A Wrinkle in Time Summary
Lesson Plan Reference
Grade Level 6-8
Difficulty Level 3 (Developing to Mastery)
Type of Assignment Individual, Partner, or Group
Type of Activity: Plot Diagrams and Narrative ArcsCommon Core Standards
- [ELA-Literacy/RL/6/2] Determine a theme or central idea of a text and how it is conveyed through particular details; provide a summary of the text distinct from personal opinions or judgments
- [ELA-Literacy/RL/6/3] Describe how a particular story’s or drama’s plot unfolds in a series of episodes as well as how the characters respond or change as the plot moves toward a resolution
- [ELA-Literacy/RL/6/5] Analyze how a particular sentence, chapter, scene, or stanza fits into the overall structure of a text and contributes to the development of the theme, setting, or plot
- [ELA-Literacy/RL/7/2] Determine a theme or central idea of a text and analyze its development over the course of the text; provide an objective summary of the text
- [ELA-Literacy/RL/7/3] Analyze how particular elements of a story or drama interact (e.g., how setting shapes the characters or plot)
- [ELA-Literacy/RL/7/5] Analyze how a drama’s or poem’s form or structure (e.g., soliloquy, sonnet) contributes to its meaning
- [ELA-Literacy/RL/8/2] Determine a theme or central idea of a text and analyze its development over the course of the text, including its relationship to the characters, setting, and plot; provide an objective summary of the text
- [ELA-Literacy/RL/8/3] Analyze how particular lines of dialogue or incidents in a story or drama propel the action, reveal aspects of a character, or provoke a decision
A common use for Storyboard That is to help students create a plot diagram of the events from a story. Not only is this a great way to teach the parts of the plot, but it reinforces major events and helps students develop greater understanding of literary structures.
Students can create a storyboard capturing the narrative arc in a work with a six-cell storyboard containing the major parts of the plot diagram. For each cell, have students create a scene that follows the story in sequence using: Exposition, Conflict, Rising Action, Climax, Falling Action, and Resolution.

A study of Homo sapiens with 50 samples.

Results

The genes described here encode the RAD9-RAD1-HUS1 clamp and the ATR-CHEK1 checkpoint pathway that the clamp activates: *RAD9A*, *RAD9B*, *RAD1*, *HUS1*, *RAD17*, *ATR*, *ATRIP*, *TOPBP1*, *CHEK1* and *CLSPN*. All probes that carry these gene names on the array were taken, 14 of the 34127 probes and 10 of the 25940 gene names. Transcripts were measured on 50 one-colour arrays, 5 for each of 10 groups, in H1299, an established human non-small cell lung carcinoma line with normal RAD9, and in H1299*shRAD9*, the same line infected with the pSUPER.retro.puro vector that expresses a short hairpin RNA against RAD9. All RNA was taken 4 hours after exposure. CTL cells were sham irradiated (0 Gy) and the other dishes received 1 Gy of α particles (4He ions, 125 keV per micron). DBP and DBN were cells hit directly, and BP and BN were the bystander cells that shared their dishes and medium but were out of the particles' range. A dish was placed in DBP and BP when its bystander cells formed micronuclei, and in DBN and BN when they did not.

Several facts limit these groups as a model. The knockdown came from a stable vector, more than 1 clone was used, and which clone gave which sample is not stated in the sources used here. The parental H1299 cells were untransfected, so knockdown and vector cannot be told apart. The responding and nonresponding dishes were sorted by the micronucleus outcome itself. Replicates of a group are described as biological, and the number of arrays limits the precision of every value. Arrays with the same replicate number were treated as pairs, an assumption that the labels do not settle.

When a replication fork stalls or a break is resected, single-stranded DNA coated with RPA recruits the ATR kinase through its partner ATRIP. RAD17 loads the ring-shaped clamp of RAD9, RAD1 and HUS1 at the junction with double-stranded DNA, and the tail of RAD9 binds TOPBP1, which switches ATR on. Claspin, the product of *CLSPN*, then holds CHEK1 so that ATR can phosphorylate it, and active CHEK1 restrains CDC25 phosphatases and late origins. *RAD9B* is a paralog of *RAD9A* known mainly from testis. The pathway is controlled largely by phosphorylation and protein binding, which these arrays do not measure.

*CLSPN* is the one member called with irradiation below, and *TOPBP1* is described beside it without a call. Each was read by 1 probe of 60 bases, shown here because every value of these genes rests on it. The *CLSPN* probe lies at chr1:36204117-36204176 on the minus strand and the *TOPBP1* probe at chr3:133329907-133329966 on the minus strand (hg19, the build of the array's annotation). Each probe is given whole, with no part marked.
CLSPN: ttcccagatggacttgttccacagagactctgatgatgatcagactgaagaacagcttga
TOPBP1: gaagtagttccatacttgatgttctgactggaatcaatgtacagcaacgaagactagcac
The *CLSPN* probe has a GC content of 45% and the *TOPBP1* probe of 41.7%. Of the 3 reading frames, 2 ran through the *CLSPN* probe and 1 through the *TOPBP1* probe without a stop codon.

A Wrinkle in Time Plot Diagram Example
High schooler Meg Murry is a social misfit who lives with her mother, twin brothers Sandy and Dennys, and precocious four-year-old brother Charles Wallace. Although she has a high IQ, Meg gets poor grades at school, fights with the other students, and is frequently in trouble.
Mr. Murry has been missing for months, following an attempt to tesser, by traveling through a wrinkle in the space-time continuum.
Three strange creatures, Mrs. Whatsit, Mrs. Who, and Mrs, Which, take Meg, Charles Wallace, and Calvin to several different planets by tessering. They show the children the dark force threatening Earth and bring them to the planet Camazotz, where the Dark Thing has imprisoned Mr. Murry.
Meg, Charles Wallace, and Calvin find Mr. Murry who is trapped by the Dark Thing, called IT. Meg manages to free her father, but loses Charles Wallace to the power of IT.
Meg returns to Camazotz alone and uses her love for Charles Wallace to break his connection with IT.
Meg, Calvin, and Charles Wallace tesser safely home to Earth with their father.
(These instructions are completely customizable. After clicking "Copy Assignment", change the description of the assignment in your Dashboard.)
Create a visual plot diagram of A Wrinkle in Time.
- Separate the story into the Exposition, Conflict, Rising Action, Climax, Falling Action, and Resolution.
- Create an image that represents an important moment or set of events for each of the story components.
- Write a description of each of the steps in the plot diagram.
(Modify this basic rubric by clicking the link below. You can also create your own on Quick Rubric.)